Not The Target Market

An Embarrassment of Eggplant


Very Yummy Eggplant Lasagna

Before there was even a hint of it in the food magazines, I used to cut up green and yellow squash and use it instead of pasta under a tomato sauce. For the past two years food magazines have had all kinds of recipes for this “healthful” option. (Although I’m not sure you need a recipe to chop squash and pour tomato sauce over it.)

In our CSA distribution last week, there were two very large and very fat eggplants. Which means we are having eggplant rather a lot just now. Today, not feeling like breading it and making a “parmesan,” or chopping it and making a ratatouille, I decided to slice it length-wise and use it in place of lasagna noodles.

I haven’t seen this particular vegetable-as-pasta permutation written about anywhere yet, but I am sure it is coming. When it does, remember, you read about it here first.

If you want to re-create my very yummy, newly invented “eggplant lasagna,” here is the recipe, or at least what I did. I didn’t measure, so in putting down the ingredients I am kind of guessing. However, it’s not rocket science or very fussy, so as long as you keep to the general idea, you should be fine.

1 very large, very fat eggplant

5 small/medium garlic cloves

1 medium onion

1# (more or less) ground turkey

1 carton Pomi tomato sauce (17.64 oz/500 gm size – I imagine any sauce would do; I like Pomi because it is just tomatoes)

1 T. dried basil

2 tsp. sugar

1 tsp. salt

½ tsp. black pepper

maybe 1/16 tsp. cinnamon (the merest dusting)

15 oz. part skim ricotta

8 oz. part skim cottage cheese

8 oz. shredded part skim mozzarella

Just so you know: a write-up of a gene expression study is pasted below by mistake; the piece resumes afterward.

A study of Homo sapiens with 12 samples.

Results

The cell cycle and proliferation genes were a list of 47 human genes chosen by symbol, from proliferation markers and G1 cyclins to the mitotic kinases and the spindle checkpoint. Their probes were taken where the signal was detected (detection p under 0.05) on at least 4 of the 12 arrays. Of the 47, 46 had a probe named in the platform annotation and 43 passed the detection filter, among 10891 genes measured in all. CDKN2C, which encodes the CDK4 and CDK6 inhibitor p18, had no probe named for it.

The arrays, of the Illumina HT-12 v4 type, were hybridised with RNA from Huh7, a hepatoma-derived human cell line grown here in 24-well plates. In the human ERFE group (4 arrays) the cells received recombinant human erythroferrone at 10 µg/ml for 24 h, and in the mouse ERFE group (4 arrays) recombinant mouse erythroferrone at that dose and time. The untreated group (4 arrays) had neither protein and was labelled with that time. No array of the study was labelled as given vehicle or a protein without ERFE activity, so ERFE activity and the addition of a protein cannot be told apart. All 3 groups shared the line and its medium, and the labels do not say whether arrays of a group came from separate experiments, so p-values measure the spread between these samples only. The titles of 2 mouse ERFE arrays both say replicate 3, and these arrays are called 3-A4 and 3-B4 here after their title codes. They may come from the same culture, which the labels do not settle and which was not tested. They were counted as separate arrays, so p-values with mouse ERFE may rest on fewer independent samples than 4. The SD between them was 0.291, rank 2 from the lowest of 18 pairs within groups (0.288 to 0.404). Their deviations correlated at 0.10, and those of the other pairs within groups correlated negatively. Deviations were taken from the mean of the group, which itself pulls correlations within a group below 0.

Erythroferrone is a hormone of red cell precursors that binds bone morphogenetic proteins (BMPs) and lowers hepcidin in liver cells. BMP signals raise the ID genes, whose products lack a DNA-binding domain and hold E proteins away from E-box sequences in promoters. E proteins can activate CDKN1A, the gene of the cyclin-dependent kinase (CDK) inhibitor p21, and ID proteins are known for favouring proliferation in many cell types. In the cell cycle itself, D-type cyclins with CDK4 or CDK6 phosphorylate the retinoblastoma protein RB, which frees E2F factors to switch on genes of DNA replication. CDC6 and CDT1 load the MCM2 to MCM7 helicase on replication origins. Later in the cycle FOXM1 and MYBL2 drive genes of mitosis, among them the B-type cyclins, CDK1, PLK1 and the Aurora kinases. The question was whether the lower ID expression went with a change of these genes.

4 oz. shredded parmesan

¼# thinly sliced prosciutto (optional – I needed to use it up and thought why not?)

  1. Peel the eggplant. Slice it into “noodles.” I ended up slicing the eggplant in half horizontally first, as it had a decided “waist” about it. This made shorter “noodles”, but that ended up being a good thing. I sliced the two halves vertically into perhaps ¼ inch thick sections. Some of the slices seemed rather wide, so I cut them in half. You don’t want to end up with chunks, but other than that, slice it so it will fit into your pan. (I used a 13 x 9 glass dish.)
  1. Put the eggplant slices in a colander, sprinkling salt between the layers. Either put the colander in the sink or on paper towels and let the eggplant sweat for about half an hour. When done with the sweating process, rinse the eggplant thoroughly and pat dry with paper towels.
  1. In the meantime, finely chop the garlic and onion and sauté them in olive oil in a large skillet. When the garlic and onion are soft and translucent, add the ground turkey. Cook until done, stirring to break it up. Drain any fat.
  1. Add the tomato sauce, the basil, the sugar, the salt, the pepper and the cinnamon. Simmer on low for maybe 10 minutes.
  1. Combine the ricotta and cottage cheese. Grate the mozzarella and parmesan (if you haven’t already bought them that way because you are lazy like me.)
  1. Oil the bottom of a 13 x 9 glass casserole with a little olive oil. Fit together a layer of eggplant slices. (You should use about half of them – but depending on the size of the casserole and the size of the eggplant, it may be more or less.) Top with half the sauce, half the ricotta/cottage cheese mixture, half the prosciutto, half the mozzarella and half the parmesan – in that order.
  1. Repeat the layering process. If you have eggplant left over, make something else like caponata or ratatouille, or throw it out because it isn’t a lot and you are feeling very virtuous that you used almost all of a very fat, very large eggplant.
  1. Bake at 325 for +/- 45 minutes. Let it set for 10 minutes or so before serving. My guess is that this would serve 6 as a main; 10 as a side. But, I suppose that would depend on appetites and if everyone liked eggplant…
  1. Open up a bottle of red wine, or drink the leftover rosé in the refrigerator (I know, I know, how can anyone have any leftover rosé?) and enjoy! Probably a salad and some bread would be tasty with this, but I had eaten the last of the salad greens the day before and we don’t have bread with meals, so The Hunter and I were just happy with another glass of wine.

The take-away? Anything, including an embarrassment of eggplant, can be overcome as long as you have enough wine.